World Trade Center on September 11, 2001. AP photo.
Nuclear terrorism is one of the most serious threats to the security of the United States. The attacks of September 11, 2001 tragically demonstrated the reality of terrorism to the American people, but over a decade later, serious efforts are still urgently needed to prevent a nuclear attack from occurring in the U.S.
Most experts agree that any nation would take an enormous risk in knowingly providing a nuclear weapon or nuclear materials to a terrorist organization because of the unpredictable consequences of cooperating with a renegade group. If a state-supplied nuclear weapon were ever used against a nuclear-armed state by terrorists, the resultant retaliation against the supplying state would be swift and massive.
If a state didn't knowingly provide a nuclear weapon, how then could terrorists get one?
One way would be to surreptitiously buy or steal an assembled nuclear weapon without the supplying nuclear state's official knowledge. Though unlikely, a terrorist group could obtain unaccounted "loose nukes" in Russia without the Duma or the Russian administration having any knowledge of the transaction.
A second, more plausible, way would be for terrorists to obtain enough weapons-grade material to assemble a weapon themselves. A possible source is Russia and countries of the former Soviet Union, where sites with relatively minimal security provide opportunities for terrorists. Assembling the device, however, would pose serious technical, though not insurmountable, challenges to a terrorist group.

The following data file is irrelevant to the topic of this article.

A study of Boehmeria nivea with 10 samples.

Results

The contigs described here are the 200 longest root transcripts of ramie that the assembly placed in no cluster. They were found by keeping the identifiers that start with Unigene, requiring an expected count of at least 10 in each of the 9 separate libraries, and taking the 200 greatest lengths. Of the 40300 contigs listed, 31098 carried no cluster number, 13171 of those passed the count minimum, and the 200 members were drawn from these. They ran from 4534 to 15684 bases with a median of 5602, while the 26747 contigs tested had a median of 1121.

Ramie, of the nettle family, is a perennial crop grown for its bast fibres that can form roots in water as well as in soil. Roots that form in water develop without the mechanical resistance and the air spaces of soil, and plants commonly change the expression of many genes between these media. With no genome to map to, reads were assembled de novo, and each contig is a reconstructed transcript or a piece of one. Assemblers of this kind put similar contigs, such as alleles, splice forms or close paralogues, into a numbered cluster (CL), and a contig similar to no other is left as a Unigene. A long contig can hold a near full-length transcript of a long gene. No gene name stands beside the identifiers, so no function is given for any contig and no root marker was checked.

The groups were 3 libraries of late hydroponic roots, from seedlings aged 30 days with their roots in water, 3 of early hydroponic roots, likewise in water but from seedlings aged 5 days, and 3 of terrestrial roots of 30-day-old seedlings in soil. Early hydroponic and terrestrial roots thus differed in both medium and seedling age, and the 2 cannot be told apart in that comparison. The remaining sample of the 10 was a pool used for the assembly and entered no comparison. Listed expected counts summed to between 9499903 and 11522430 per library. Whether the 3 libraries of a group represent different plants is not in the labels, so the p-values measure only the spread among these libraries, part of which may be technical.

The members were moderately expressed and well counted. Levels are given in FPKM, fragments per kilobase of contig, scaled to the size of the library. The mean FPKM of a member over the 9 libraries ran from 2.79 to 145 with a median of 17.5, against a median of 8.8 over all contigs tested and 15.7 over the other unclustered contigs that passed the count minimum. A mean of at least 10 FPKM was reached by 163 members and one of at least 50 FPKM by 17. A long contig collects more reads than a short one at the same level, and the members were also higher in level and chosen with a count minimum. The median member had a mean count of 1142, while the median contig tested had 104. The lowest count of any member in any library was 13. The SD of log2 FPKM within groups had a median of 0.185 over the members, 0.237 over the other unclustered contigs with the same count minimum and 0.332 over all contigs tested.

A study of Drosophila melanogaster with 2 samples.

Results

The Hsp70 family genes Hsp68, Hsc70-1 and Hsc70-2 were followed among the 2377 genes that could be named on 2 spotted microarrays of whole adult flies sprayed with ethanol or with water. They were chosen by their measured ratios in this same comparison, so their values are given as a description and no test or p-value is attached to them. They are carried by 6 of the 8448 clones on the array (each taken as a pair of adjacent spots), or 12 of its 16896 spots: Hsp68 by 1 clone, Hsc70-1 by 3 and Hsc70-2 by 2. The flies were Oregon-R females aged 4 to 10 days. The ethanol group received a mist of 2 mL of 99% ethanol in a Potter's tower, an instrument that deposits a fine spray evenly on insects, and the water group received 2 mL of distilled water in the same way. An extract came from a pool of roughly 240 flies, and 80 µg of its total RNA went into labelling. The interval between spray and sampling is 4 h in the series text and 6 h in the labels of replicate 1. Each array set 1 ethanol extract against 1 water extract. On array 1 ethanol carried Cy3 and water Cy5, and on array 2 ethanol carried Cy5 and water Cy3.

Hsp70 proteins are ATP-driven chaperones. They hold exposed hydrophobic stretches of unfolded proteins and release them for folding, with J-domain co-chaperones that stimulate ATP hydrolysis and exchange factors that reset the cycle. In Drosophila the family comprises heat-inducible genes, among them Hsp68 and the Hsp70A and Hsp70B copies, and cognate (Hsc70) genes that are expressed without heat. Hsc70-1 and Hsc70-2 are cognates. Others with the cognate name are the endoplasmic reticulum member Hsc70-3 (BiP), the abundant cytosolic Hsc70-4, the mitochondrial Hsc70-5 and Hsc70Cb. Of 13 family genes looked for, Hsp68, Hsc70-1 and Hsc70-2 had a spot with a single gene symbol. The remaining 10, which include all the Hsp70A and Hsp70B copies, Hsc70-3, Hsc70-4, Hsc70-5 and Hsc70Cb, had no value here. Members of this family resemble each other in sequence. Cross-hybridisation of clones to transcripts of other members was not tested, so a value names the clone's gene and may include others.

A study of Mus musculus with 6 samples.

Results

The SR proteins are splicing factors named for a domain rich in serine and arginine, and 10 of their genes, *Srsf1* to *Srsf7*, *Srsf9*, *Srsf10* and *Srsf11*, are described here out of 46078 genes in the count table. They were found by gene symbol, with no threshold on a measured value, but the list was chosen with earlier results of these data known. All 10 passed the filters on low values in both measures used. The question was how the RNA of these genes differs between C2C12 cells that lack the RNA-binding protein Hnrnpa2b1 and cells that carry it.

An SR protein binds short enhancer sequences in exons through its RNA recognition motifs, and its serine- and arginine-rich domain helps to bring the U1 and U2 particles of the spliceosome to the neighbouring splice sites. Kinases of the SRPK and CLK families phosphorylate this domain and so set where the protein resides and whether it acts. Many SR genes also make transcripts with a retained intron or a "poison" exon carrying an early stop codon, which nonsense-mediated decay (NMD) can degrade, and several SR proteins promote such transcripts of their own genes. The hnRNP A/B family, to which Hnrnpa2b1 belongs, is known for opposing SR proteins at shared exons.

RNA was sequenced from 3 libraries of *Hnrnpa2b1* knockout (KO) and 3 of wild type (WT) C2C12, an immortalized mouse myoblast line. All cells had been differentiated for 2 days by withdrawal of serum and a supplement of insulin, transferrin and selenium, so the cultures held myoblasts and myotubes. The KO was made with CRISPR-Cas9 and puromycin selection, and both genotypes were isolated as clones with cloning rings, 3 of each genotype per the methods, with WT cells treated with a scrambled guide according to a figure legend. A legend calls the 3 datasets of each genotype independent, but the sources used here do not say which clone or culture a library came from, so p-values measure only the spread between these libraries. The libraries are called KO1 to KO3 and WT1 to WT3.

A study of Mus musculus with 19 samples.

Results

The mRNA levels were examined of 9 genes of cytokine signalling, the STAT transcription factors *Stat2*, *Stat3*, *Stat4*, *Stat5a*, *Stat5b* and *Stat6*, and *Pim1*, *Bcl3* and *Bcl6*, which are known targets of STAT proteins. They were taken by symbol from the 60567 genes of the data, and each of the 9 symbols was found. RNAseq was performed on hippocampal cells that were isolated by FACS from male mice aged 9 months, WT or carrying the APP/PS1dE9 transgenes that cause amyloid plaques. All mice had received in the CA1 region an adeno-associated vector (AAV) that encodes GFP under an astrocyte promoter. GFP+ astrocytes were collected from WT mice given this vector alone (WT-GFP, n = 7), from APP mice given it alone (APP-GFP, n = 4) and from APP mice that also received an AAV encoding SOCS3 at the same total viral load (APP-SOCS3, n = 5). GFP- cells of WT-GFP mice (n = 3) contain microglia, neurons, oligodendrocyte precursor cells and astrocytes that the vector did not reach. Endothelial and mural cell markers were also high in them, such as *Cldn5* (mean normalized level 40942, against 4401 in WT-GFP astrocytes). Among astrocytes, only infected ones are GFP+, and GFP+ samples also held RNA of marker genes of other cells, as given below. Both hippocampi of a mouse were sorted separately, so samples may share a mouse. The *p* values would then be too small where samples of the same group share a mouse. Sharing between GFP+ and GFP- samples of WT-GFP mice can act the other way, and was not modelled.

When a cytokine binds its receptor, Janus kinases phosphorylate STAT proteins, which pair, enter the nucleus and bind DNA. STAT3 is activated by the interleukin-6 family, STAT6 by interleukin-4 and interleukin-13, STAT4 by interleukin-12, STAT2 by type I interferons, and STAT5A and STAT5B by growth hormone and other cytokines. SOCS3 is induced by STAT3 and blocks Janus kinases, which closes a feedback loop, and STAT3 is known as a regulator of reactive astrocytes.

Efforts to reduce the threat of nuclear terrorism include programs such as Cooperative Threat Reduction, commonly known as Nunn-Lugar, aimed at securing and dismantling vulnerable nuclear materials in the former Soviet Union; Global Threat Reduction Initiative, directed at securing and eliminating global high-risk nuclear and radiological materials and equipment; and the International Nuclear Materials Protection and Cooperation prorgram, geared towards improving security and accounting for highly enriched uranium (HEU) in Russia and the former Soviet Union. While these programs have demonstrated substantial progress in reducing the threat, current estimates conclude that as of January 2012 there are still approximately 1440 tons of HEU and around 500 tons of separated plutonium stockpiled globally.
In 2010, President Barack Obama hosted the first Nuclear Security Summit in Washington, D.C. aimed at preventing nuclear terrorism. Attended by 47 world leaders, the Summit raised international awareness at the highest level on the need for global cooperation to prevent nuclear materials from falling into terrorist hands. A second Summit was held in Seoul in 2012 and a third is planned for the Netherlands in 2014.
- Matthew Bunn, Securing the Bomb 2007, (Washington, D.C.: Project on Managing the Atom, Harvard University, and Nuclear Threat Initiative, September 2007).
- Ashton Carter, Michael May, and William Perry, "The Day After: Action Following a Nuclear Blast in a US City," The Washington Quarterly 30:4 (Autumn 2007), pp. 19-32.
- Global Initiative to Combat Nuclear Terrorism: Joint Statement (U.S. Department of State, June 12, 2007).
- Government Accountability Office, "Nuclear Security: Steps to Better Track and Detect Radioactive Materials," June 19, 2008.